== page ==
Wednesday, December 12, 2012

Book Review: Who's Spying On You?

In this age of social media, high-tech surveillance, and online banking, it's easy to feel like your every move can be tracked online - and in the real world. And, guess what? That feeling isn't lying to you. Popular Mechanics Who's Spying on You? covers the basics of the threats to your privacy through financial transactions, medical records, online activity, phone usage and even your home appliances. 

Well-organized and thorough with very recent case studies and examples, Who's Spying on You? can make you feel like you're living in a spy novel - who would be interested in my medical records, for example? Or following me around as I run errands?

Mainly, advertisers. Petty thieves aren't generally willing to go to the trouble, and my life is not interesting enough for the government to keep tabs on me, but advertisers can and do pay for data that allows them to target us more effectively. If a company knows your demographic information, where you life, and where you are likely to shop, they can probably tempt you to spend money on their products.

Well, okay. That's not awesome, but is there really any danger to it?

I don't know - I think it remains to be seen. Who's Spying on You? makes a compelling case that even when  data is anonymized before being shared, it can be reidentified quickly and easily with just a few pieces of the data that is concerned "unidentifying" - gender and zip code, for example. Add a birthdate to that, and you can narrow the possibilities down to only a few. Do you want your medical information shared with such flimsy anonymity? I don't.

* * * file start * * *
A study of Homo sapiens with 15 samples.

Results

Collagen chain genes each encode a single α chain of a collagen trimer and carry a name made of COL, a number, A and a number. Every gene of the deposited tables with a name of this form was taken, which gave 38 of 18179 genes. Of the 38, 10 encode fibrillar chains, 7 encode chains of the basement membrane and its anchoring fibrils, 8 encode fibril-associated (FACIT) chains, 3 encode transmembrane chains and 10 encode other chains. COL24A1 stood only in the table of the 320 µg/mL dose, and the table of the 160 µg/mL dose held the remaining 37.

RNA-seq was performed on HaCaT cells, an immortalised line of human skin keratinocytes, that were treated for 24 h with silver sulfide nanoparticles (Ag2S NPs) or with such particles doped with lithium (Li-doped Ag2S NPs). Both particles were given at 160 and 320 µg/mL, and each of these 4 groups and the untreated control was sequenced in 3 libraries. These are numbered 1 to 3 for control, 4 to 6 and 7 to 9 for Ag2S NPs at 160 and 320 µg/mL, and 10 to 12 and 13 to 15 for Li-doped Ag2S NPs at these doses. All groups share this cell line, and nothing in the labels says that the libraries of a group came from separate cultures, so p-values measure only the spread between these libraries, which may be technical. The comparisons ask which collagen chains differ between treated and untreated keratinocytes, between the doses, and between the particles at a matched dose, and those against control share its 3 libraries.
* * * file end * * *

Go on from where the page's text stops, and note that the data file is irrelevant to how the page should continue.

The last section of Who's Spying on You? covers the steps you can take to protect your privacy across the major areas where privacy is being invaded: your location, your home, your phone, your computer, your money, your medical history, and your kids.

My only complaint about the book was that the copyediting was seriously sloppy. There were a few sentences that I absolutely could not parse, along with some generally lazy turns of phrase ("endanger species," for example, instead of "endangered"). I would expect a more professional presentation from such a respected institution as Popular Mechanics. Then again, books are my business, so maybe this doesn't bother others as much as it does me.

The big selling point for me is that while much of this information is available on the web, it's nicely condensed here in book form (no one knowing what you're reading!) with a logical progression and solid recommendations. If you're at all concerned about your privacy, or curious about what you're giving up without even realizing it, this is a very good starting point.

Disclosure: I received a free copy of this book to review. My opinions are my own.